Last October, a 65-year-old woman in therapy said: “You remember a friend of mine whom I used to go for my walks with? In March, we stopped going for our walks because of safety protocol. For two years before the pandemic, I used to meet her every day and we would spend almost an hour together. During the pandemic, I tried calling her a few times and even messaging to speak to her, but it felt different. Then I didn’t call for a while and I realised that she never reached out; it hurt a lot at the time, and it still does. Do you think the pandemic can come in the way of friendships?”
Often, clients’ friendships make their presence felt in the therapy sessions. More so in the last 16 months, when clients across age and gender have struggled to make sense of their friendships. Clients have tried to understand what has led to some of their closest friendships feeling distant and wondered how they suddenly don’t have anything to share or even talk about with people they used to hang out with every weekend.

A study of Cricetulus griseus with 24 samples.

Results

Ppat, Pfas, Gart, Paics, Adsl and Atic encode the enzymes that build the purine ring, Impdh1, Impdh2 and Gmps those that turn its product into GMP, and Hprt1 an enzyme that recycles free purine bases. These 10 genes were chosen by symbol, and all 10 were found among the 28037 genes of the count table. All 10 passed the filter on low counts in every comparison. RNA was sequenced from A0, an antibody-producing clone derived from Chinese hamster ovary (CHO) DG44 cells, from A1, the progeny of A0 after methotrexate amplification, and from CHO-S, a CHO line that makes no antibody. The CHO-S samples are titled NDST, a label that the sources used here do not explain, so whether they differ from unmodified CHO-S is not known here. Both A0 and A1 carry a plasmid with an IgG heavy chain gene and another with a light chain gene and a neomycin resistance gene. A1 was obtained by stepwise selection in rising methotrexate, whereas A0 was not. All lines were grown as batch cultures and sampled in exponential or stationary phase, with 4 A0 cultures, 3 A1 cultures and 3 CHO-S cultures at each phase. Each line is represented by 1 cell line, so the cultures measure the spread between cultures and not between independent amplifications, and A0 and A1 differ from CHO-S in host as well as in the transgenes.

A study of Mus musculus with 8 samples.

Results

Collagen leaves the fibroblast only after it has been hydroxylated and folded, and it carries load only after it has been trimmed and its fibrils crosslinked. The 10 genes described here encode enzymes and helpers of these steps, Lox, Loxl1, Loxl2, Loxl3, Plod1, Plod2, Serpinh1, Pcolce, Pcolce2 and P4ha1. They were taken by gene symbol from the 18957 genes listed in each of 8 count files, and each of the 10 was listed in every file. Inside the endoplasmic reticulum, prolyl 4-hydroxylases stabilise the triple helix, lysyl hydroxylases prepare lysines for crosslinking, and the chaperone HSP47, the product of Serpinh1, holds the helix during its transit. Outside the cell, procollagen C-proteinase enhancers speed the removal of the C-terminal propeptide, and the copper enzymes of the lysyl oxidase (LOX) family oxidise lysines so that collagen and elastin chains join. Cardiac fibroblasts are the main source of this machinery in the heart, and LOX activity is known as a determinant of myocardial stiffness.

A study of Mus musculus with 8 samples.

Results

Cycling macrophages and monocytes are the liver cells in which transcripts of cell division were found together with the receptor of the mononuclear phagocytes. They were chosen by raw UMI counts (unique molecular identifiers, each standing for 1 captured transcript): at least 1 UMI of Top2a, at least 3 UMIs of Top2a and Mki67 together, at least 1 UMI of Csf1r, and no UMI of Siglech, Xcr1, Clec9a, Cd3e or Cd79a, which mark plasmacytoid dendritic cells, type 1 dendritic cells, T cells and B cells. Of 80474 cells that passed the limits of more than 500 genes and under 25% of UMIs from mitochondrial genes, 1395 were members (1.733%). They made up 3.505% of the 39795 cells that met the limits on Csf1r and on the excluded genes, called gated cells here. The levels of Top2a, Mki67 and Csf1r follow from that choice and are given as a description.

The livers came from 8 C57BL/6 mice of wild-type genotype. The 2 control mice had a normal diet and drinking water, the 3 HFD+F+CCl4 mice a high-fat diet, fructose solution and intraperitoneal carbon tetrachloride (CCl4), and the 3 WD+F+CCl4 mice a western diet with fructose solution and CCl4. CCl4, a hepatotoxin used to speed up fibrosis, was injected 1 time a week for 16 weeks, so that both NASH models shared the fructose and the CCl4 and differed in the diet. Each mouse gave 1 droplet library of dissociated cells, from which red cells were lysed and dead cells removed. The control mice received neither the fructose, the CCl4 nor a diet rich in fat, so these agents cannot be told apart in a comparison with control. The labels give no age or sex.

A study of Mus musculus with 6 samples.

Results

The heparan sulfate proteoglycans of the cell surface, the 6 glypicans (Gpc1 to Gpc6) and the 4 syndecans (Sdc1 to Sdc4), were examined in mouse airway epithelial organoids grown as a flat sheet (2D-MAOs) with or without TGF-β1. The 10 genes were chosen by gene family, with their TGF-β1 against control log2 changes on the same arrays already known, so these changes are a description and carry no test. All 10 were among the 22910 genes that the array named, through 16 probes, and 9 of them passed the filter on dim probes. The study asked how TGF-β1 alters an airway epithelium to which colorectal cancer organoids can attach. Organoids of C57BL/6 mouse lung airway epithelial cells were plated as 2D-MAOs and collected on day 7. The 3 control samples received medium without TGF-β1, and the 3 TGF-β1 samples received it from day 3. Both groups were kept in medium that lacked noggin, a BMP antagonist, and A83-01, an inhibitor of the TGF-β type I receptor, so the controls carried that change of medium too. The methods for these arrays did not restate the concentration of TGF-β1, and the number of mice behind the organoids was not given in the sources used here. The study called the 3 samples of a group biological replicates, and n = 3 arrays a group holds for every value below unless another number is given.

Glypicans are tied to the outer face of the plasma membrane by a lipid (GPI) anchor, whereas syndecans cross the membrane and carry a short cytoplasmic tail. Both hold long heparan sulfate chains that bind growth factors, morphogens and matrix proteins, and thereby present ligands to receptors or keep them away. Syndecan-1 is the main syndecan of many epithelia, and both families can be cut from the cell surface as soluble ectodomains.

People we hung out with, met at the bus-stop when we dropped off our children for school, or those we bumped into every weekend at the club or at a restaurant, those connections seem to be slowly evaporating from our lives as we are no longer stepping into those spaces. Very often now, when I think of all those people I feel a sense of loss, as those interactions brought warmth, familiarity and allowed us to be seen and feel safe at the same time.
Maybe it’s that void and need for social connection which has prompted us to go back and interact with our classmates from school and university. Possibly, so many online reunions are a way of fostering and nurturing dormant relationships which had slipped into the background earlier. Now that we are interacting mostly online, these are again assuming importance. Often, life-changing events, and particularly disasters, make us acutely aware of our own mortality and this, in turn, brings about a change in our values. I wonder if looking at our past and those relationships is also a function of this.
As things open up slowly over the next few months, my sense is that a lot of people may have to choose how to recalibrate their friendships. How we see our friendships is a function of who we have become, how many of our needs are met, how aligned our values are, and the reciprocity we experience in those spaces. Like the client who asked me, “Now that we start our walks together, how do I interact with my friend again when I meet her in person?”
Sonali Gupta is a Mumbai-based clinical psychologist. She is the author of the book Anxiety: Overcome It And Live Without Fear and has a YouTube channel, Mental Health with Sonali.